Donald Trump, the presumptive GOP presidential nominee, has stirred up considerable controversy by suggesting that the federal government might be able to “make a deal” with its creditors
In a bipartisan program on Capitol Hill last week, two fiscal experts pointed to several factors that are driving long-term federal borrowing and called for a renewed focus on deficit red
An estimated $458 billion a year in federal taxes went unpaid in 2008 through 2010, the Internal Revenue Service reported recently.
The most notable cost-related changes in the health care system over the past decade have attacked some of the misaligned incentives in the system, and those efforts have helped slow health-care cost growth in recent years.
Health care cost-control efforts in the United States can often be described simply as “changing incentives.” The focus on incentives can be traced to two main circumstances:
1) The majority of politicians have opposed efforts to reduce costs simply through government price-setting, a mechanism widely used around the world to control costs.
Playing to the frustration Americans often feel around tax-return season, many lawmakers last week targeted the IRS with criticism and an array of proposals with little chance of becoming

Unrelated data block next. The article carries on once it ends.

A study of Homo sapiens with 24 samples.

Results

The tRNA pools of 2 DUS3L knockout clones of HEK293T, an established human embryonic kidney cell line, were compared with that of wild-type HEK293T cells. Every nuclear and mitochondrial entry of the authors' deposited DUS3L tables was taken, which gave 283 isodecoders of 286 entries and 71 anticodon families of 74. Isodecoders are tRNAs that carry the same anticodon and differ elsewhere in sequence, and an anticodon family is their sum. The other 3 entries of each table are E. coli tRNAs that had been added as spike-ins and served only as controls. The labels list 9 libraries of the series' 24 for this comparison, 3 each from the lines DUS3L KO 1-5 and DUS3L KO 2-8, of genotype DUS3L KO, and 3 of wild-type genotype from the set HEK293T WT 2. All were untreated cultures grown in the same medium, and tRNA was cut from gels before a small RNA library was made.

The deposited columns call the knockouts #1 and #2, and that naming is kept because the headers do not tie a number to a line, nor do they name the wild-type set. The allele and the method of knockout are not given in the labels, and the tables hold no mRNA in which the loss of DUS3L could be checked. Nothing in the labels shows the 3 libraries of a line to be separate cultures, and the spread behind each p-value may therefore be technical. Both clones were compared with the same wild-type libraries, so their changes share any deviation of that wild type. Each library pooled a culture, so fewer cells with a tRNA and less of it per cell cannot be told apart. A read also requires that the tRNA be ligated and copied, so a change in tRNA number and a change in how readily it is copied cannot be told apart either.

Military operations against the terrorist organization ISIS in Iraq and Syria have cost $7 billion, according to a recent Pentagon report.
With the federal budget deficit on the rise again and the nation’s debt still on an unsustainable long-term path, The Concord Coalition has released this year’s “Key Questions” that voters should ask candidates for federal office.
“Voters should expect candidates in this year’s elections to explain how they intend to deal with the huge challenges ahead,” Concord says. “This is no time for vague rhetoric and petty partisan jabs; voters should insist on credible solutions -- the more specific, the better.”
A pair of Republicans on the House Rules Committee recently discussed proposals to alter the rules for the consideration of spending bills. The effort drew attention – and opposition – from Rules Committee Democrats and Appropriations Committee Republicans alike.
Congress missed its statutory deadline on Friday for approving a budget resolution to frame work on spending legislation for Fiscal 2017, which begins Oct. 1.